Since my pituitary is low or non-functioning, I have had to go on hormone replacement therapy. I have been having good results using bioidentical hormone replacement therapy (like finally sleeping a lot better and not nearly as many hot flashes after fifteen years!), so I joined a couple of groups on Facebook that have women taking these types of hormones. The women kept recommending the book What Your Doctor May Not Tell You About Menopause by Dr. John Lee. (I highly recommend it to all of you no matter what age you are in order to learn how to bear and raise children in a healthy way that supports their hormones and keeps your hormones healthy throughout life.)
I don’t know anything about Dr. Lee but I know that he’s done a lot of research and helped a lot of people. In Chapter 12, I read something that so powerfully supports the notion that men and women are different, along with their roles, because of their hormones! Their physical makeup is designed for women to be AT home and men to work. Working outside of the home, whether married or not, is very unhealthy for women. Read these paragraphs from this chapter and see how marvelously God has created us perfectly for the roles He has called us to fulfill.
In its essence the female body is yin and the male body is yang. Each contains some of the other, but yin predominates for females and yang predominates for males. Yin is dark and earthy. The yin personality would tend to be nurturing, passive, introverted, calm, intuitive, and soft.
Yang is light and abstract. The yang personality would tend to be active, outgoing, focused, aggressive, logical, and impatient.
Estrogens, the hormones responsible for female sexual development, and progesterone, the progestational, or mothering, hormone, tend to produce yin behavior. Testosterone and DHEA, two of the hormones responsible for male sexual development, tend to produce yang behavior. Although generalizations are always untrue by their very nature, women tend to “default” more on the side of yin behavior and men tend to “default” more on the side of yang behavior.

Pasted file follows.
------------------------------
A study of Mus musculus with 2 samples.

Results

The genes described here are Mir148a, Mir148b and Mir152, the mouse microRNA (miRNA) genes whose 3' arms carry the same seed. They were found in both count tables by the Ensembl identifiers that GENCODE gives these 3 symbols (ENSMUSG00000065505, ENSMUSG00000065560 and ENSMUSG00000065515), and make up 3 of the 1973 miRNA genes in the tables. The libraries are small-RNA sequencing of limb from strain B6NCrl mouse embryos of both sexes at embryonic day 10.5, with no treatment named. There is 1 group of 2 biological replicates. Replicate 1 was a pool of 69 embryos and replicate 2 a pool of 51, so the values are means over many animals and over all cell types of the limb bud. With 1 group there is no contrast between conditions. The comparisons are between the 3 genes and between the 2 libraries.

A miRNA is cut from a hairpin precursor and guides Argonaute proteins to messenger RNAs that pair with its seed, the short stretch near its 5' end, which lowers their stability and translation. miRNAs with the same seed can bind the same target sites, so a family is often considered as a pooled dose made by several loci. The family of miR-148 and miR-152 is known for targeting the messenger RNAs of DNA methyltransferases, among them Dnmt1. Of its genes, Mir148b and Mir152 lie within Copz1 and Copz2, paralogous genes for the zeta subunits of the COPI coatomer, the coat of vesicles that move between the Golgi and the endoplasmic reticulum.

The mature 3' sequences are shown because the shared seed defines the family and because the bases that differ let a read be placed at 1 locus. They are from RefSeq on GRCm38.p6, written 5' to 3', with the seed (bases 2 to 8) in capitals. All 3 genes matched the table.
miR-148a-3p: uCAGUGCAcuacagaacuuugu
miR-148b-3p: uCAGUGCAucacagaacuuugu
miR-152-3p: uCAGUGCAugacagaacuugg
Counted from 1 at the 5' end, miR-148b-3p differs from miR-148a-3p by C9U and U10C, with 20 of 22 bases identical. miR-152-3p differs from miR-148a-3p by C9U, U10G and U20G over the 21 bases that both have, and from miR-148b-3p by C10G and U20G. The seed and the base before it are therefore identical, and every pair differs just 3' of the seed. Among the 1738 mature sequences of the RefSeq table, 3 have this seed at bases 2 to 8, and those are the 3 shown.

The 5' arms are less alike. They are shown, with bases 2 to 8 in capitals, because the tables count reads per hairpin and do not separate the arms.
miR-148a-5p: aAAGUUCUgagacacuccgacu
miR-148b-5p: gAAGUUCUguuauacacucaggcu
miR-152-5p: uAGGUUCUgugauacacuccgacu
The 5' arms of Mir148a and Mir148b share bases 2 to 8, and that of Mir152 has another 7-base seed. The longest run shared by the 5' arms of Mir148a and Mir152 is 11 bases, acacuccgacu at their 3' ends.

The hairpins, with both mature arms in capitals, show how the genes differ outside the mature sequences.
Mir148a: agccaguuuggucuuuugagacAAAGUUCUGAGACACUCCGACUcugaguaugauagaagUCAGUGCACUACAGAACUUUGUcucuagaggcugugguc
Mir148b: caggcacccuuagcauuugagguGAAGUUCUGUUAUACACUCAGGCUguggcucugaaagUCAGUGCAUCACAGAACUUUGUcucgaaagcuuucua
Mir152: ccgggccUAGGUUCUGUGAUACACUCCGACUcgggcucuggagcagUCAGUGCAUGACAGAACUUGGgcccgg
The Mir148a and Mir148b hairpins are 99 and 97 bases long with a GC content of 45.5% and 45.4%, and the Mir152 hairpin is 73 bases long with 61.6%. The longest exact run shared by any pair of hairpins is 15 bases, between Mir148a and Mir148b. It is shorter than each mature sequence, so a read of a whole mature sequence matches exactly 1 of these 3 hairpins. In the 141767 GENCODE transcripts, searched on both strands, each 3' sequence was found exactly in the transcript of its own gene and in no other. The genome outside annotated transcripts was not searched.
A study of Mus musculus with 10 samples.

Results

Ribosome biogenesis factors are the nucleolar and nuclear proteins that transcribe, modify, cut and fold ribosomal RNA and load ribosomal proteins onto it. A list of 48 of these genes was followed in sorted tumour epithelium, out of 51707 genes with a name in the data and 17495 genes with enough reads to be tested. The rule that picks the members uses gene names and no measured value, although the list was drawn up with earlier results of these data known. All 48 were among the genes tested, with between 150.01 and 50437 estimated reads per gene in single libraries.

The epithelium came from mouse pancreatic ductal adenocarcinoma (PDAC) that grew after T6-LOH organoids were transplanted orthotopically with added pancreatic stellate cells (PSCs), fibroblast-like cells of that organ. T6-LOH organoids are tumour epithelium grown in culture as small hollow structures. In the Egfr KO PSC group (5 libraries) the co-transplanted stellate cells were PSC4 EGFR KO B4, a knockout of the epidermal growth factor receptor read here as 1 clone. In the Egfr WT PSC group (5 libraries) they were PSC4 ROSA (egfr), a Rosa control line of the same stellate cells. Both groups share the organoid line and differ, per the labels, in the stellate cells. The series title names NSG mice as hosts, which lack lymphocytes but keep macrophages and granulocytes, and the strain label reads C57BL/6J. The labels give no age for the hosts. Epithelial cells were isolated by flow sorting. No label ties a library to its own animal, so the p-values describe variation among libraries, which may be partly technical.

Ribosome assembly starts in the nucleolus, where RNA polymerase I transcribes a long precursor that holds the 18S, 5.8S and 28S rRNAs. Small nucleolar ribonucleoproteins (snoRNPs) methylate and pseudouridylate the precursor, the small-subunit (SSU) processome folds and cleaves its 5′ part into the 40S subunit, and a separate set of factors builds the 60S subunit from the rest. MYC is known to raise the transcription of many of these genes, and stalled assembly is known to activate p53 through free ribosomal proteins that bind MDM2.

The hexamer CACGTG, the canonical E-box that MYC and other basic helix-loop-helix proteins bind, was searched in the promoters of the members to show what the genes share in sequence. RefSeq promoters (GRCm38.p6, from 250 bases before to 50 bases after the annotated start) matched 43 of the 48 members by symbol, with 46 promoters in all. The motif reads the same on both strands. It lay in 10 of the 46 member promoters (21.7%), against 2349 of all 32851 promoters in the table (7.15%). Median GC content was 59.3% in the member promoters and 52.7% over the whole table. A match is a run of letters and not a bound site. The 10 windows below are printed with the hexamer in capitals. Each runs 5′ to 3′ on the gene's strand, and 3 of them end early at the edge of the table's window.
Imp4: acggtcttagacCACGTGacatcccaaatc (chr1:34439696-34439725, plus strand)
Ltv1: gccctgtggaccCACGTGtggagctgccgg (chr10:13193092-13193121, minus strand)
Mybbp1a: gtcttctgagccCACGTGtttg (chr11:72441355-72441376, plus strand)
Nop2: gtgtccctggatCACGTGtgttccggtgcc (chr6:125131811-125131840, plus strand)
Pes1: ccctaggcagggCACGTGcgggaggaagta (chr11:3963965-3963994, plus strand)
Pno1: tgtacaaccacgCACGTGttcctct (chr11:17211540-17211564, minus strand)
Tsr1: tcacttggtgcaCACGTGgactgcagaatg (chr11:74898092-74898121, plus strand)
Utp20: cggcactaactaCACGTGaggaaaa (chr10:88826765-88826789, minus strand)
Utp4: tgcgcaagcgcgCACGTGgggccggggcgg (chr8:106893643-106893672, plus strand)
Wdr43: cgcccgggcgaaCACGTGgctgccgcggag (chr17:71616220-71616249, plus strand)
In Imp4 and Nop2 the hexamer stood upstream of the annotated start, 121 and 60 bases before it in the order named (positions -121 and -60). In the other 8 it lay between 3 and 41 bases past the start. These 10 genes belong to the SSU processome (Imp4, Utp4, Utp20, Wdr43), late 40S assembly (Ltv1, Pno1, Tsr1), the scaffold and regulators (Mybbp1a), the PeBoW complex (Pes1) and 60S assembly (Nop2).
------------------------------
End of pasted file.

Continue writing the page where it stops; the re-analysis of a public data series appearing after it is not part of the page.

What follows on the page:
The environment of raising children naturally favors the yin or female attributes. The business world naturally favors the yang or male attributes. What happens when a woman finds herself spending her days in an environment that’s very yang, as so many working women do these days? To survive and thrive, she is going to minimize her yin aspects and maximize her yang aspects. Her body will pay attention to these signals and respond accordingly.
The stereotype successful woman executive is slim, trim, and muscular – yang. The stereotype mother figure is ample in breasts, hips, and thighs – yin. These differences in roles work fine when a woman’s life is balanced, when she has ample time and energy to develop both sides. But take a woman who is working full-time, has a couple of kids, and a husband who also works and we have a recipe for imbalance and stress. This woman is going to be pulling on her yang attributes at the expense of her yin attributes. She’s likely to be chronically exhausted, always “on,” never taking time for herself. She is constantly forced to push the limits of her endurance to keep up. She rarely has time to spend quiet, nurturing time with her children or herself, not to mention her husband. In an effort just to maintain her lifestyle, her adrenal glands are constantly pumping out hormones meant to be used sparingly for “fight or flight” situations and they eventually become tired, sluggish, and depleted. Her body gets the message that survival is at stake. Blood sugar becomes constantly unstable. Digestion goes awry so she isn’t absorbing nutrients properly. The ovaries respond by shutting down in favor of survival. When her ovaries shut down, progesterone production occurs only at the adrenals, but they aren’t working and she’s not getting enough progesterone because of her poor dietary habits, so she becomes progesterone deficient and estrogen dominant.
The estrogen dominance causes the all-too-familiar signs of fatigue, depression, little or no desire for sex, weight gain, water retention, headaches, and mood swings. By her late 30s and early 40s, she probably has fibrocystic breasts, uterine fibroids, or endometriosis. The estrogen dominance interferes with thyroid function, which increases her fatigue, so she’s cold all the time and she’s gaining more weight…Even without children, women who get on a career track and develop their yang attributes at the expense of their yin attributes are likely to suffer from hormone balance.
He maketh the barren woman to keep house, and to be a joyful mother of children. Praise ye the LORD.
***I am not promoting yin and yang and where these roots come from since I am a believer in Jesus Christ and His ways. I am simply showing you how even the secular world and doctors who study the body and hormones, specifically, come to the same conclusions that the Bible does. The best place for women is in the home! They were not created physically to be out in the workforce.